The symptoms and dangers of an H. pylori infection
Helicobacter pylori is an opportunistic bacterium that can infect and spread rapidly in individuals with a compromised immune system. While this bacterium is natural and beneficial to our bodies in small amounts, it can be extremely dangerous when allowed to propogate without control. This infection is the leading cause of stomach ulcers, poor digestion and stomach cancer.
It is estimated that over 50% of the world’s population has elevated levels of H. pylori. This microorganism can spread very quickly through the saliva, so it is easily transmitted. It is very common to see entire families test positive for this infection.
The hazards of an H.pylori infection:
H. pylori is a very sophisticated microorganism that has incredible adaptive advantages that give it the ability to survive the stomach’s harsh environment. It produces an enzyme called “urease” which breaks down the urea in the stomach into carbon dioxide and ammonia. This causes belching and halitosis (bad breath) for the individual, and it neutralizes the acidifying effects of hydrochloric acid.
Hydrochloric acid is necessary for creating an acidic environment in the stomach to digest protein and ionize minerals. This also helps stimulate bile release from the gallbladder to effectively metabolize fat in the small intestine. Without these key functions working optimally, we become at risk for anemia, thyroid problems, osteoporosis and autoimmunity.
The secretion of mucus protects the stomach lining from irritation by food stuffs and microorganisms. H. pylori reduces the stomach’s ability to produce mucus and irritates the stomach lining. This creates a silent level of inflammation and severe irritation firing off pain receptors. This is the pathogenesis of stomach ulcers.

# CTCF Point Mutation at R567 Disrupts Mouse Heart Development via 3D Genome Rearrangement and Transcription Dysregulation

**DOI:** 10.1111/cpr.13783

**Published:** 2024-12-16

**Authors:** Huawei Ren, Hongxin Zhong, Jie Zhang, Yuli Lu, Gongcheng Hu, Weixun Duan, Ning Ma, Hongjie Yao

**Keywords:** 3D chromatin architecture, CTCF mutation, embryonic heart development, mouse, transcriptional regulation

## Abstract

More challenges with H pylori & gram negative bacteria:
H. pylori is a Gram-negative bacterium, which means that it has two cell walls. Gram-positive bacteria have one cell wall. This double outer layer protects the bacterium and makes it harder for antimicrobial drugs and herbs to affect the microorganism. Other Gram-negative bacteria include Salmonella, E. coli andShigella, among others.
Most doctors try to kill off any form of bacterial infection with antibiotics. However, Gram-negative bacteria contain “efflux pumps” within their cell walls that have the ability to disperse antibiotic medications. This protects the microorganism and can be extremely hazardous to the individual. The efflux pumps help the microorganism survive and adapt and develop antibiotic-resistant capabilities.
The cell wall material of Gram-negative bacteria is also a highly potent inflammatory mediator. This material is called lipopolysaccharide (LPS), is extremely toxic to the liver and signals major inflammatory processes in the body when it is released into the blood stream in high amounts. LPS is also calledendotoxin and is one of the major reasons why leaky gut syndrome is so hazardous to the body.
The most common symptoms associated with H pyloriinfection:
- Abdominal pain (mild-severe)
- Bloating and distension
- Belching and gastric reflux
- Constant bad breath
- Mild nausea
Other issues that can be caused by an H. pylori infection include pernicious anemia, which is a B12 deficiency. Your stomach produces a protein called “intrinsic factor,” which allows the small intestine to absorb B12.
H. pylori affects the stomach’s ability to produce intrinsic factor, which causes this problem. The major symptoms associated with pernicious anemia are constant fatigue, shortness of breath, pale skin, swollen tongue and nausea.
H. pylori disrupts the digestive process, so it can lead to inflammation throughout the gut and gastrointestinal permeability. This state of leaky gut can also cause iron-deficient anemia, irritable bowel symptoms with fluctuating diarrhea and constipation and ulcerative colitis.